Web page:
News broke yesterday that Japanese tennis stalwart Kimiko Date-Krumm may be on the brink of retirement. The 45-year-old wrote in her blog last month, two weeks after the Australian Open, that she would have surgery on her left knee, saying, “... I’ve decided on the unknown of having an operation and the ensuing rehab, believing I can stand on the court again on day.”. (UBITENNIS)
In a blog entry Sunday, however, she revealed that the condition of her knee was worse than expected, writing,
“If I decide to have surgery again, it’s unavoidable that it will take a long time for me to come back. I want to think long and hard before deciding on the best possible option.”. (UBITENNIS)
Date-Krumm currently stands at No. 198 on the ATP world rankings. She actually retired from tennis back in 1996, only to make a comeback in 2008, at the age of 37!
So, as Date-Krumm considers her future as a top-class athlete, we take a look at some of the elder Japanese athletes still fighting it out at the highest levels of sport.
Kazuyoshi Miura (soccer)
King Kazu, as he is affectionately known, is the stuff of legend (in these parts). At 48 years of age he’s the oldest footballer in Japan’s professional leagues. He currently plays for Yokohama FC. His loooong journey really kicked off at the age of 15 when, remarkably, he packed his bags and headed to Brazil to make a go of his football career. His return to Japan saw the launch of the J-league 3 years later. Kazu has played in Italy, England, and Croatia. His exploits for the national team regularly moisten the eyes when people learn that he never played in a World Cup finals.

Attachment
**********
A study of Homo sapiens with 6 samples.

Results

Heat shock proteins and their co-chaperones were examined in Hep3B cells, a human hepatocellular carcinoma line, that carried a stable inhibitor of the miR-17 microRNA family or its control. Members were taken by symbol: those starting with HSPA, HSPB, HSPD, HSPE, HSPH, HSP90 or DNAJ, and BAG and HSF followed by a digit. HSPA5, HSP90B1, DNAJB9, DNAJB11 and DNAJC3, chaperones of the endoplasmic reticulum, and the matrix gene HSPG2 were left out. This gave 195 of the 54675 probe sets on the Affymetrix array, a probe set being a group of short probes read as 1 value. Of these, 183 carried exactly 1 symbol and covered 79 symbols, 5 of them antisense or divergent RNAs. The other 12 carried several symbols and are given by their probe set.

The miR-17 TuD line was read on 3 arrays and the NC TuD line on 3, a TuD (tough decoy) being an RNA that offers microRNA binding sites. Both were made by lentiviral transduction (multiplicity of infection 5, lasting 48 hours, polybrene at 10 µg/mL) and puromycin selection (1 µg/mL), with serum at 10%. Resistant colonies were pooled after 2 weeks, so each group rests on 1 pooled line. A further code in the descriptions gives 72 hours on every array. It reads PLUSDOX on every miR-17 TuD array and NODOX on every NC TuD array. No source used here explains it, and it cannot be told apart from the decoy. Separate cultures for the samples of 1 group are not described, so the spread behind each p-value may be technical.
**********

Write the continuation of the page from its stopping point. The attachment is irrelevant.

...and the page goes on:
Masahiro Yamamoto (baseball)
We were going to put clean-cut, batting icon Ichiro Suzuki in this list. I mean, he’s pretty old for a top flight player, isn’t he? (He’s 42). But then we learned about Masahiro Yamamoto.
Yamamoto has played for the Chunichi Dragons (Nagoya) since 1986. He was born August 11, 1965. Yes, he’s 50 years old. He’s a pitcher, and he’s the oldest of his kind (i.e. pitchers) to win a baseball game.
Noriaki Kasai (ski jumping)
We remember watching Kasai take one of his Olympic medals in Sochi, 2014. At 41 yrs, he was the oldest ski-jumper of all time to do so. At that time, an obvious question from the media was something along the lines of “Are you going to retire now?”. I remember thinking, Of course he isn’t! He didn’t, and still hasn’t.
Koji Murofushi (hammer throwing)
Murofushi is an unlikely athlete … for his field. His is one which is usually dominated by grizzled, communist-bloc man mountains that look like they eat bricks for breakfast. And yet, Murofushi has for a long time been one of Japan’s best hopes for an Olympic medal in track and field (a discipline in which this nation is fairly moribund). He’s got the heritage though. His father is a former Olympian, and his mother a Romanian javelin thrower. See, now it makes sense.
Murofushi won bronze medal at the London Olympics, 2012. He is 41 years old.
Last year the world’s media gave a raucous cheer when Japanese centenarian Hidekichi Miyazaki set a new record as the world’s oldest competitive sprinter. At the Kyoto Masters (September 23, 2015) he ran 100 m in 42.22 seconds. He was 105! Miyazaki has acquired the moniker ‘Golden Bolt’ due to his mimicry of, well, we don’t need to say, do we?!
Earlier in the year Mieko Nagaoka became the world’s first centenarian to complete a 1,500 m swim. Her time was just under one hrs 16 mins. At the event in Ehime, she was the only competitor in the 100 - 104 yrs category. Nagaoka was 100 years old at the time, having taken up swimming …. 20 years prior.